SFI chain-of-custody certification extends into the marketplace by tracking fiber content from certified forest content, certified sourcing, and post consumer recycled content. These claims can be made based on either the physical separation or percentage-based methods. To be certified, companies must be audited to SFI Requirements: Section 3—SFI Chain-of-Custody Standard.

All certification programs, including SFI, use the following two methods to calculate the percentage of certified fiber. Companies can also physically separate the certified forest content to make a 100 percent certified forest content claim.

The average percentage method allows manufacturers to consistently label 100% of their products with the average percentage labels. Use of the average percentage labels requires at least 10% certified forest content. The SFI certified company must communicate the actual percent of certified forest content on the label. For example, if the SFI certified company has an average of 15% of their fiber supply from certified forests, the company must state 15% on the label.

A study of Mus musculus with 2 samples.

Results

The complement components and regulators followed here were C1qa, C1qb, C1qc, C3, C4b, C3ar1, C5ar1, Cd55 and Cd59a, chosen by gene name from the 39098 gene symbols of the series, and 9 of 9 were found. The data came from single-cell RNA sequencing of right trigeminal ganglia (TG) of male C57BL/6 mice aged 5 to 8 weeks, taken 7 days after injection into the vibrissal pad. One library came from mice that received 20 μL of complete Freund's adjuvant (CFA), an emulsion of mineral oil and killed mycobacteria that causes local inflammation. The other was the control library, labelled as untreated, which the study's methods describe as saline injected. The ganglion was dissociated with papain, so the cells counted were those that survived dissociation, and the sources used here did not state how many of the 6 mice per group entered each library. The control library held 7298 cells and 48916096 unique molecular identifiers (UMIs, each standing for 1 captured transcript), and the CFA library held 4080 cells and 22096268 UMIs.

Under the volume credit method, a company may use an SFI label on the percentage of its output that corresponds to the average percentage of fiber in the product that comes from certified lands. This means that if 30 percent of the fiber is from certified forest content, then 30 percent of the output can be sold with the volume credit label.

The chain of custody is verified by an independent third-party certification audit. Whether it is paper, packaging, or construction materials, a claim can be made regarding the certified content, similar to recycled content claims and labels seen on products. Consumers who look for the SFI-certified content label on a product are rewarding responsible forest practices.


Logger + Trainee Database

The SFE training program was developed to satisfy the wood-procurement and harvesting requirements of the many SFI-certified wood purchasing companies in Michigan. SFE training consists of core and continuing education (CE) training. This database can be checked by foresters who work for SFI-certified companies.

Facts About Forestry

How long do trees live?

Most trees don't survive their first year. However, trees can live as long as 4,000 years, but this is very rare. In Michigan, tree species longevity ranges from about 80 years to about 1,200 years (potentially). Northern white cedar is the longest living tree species in Michigan.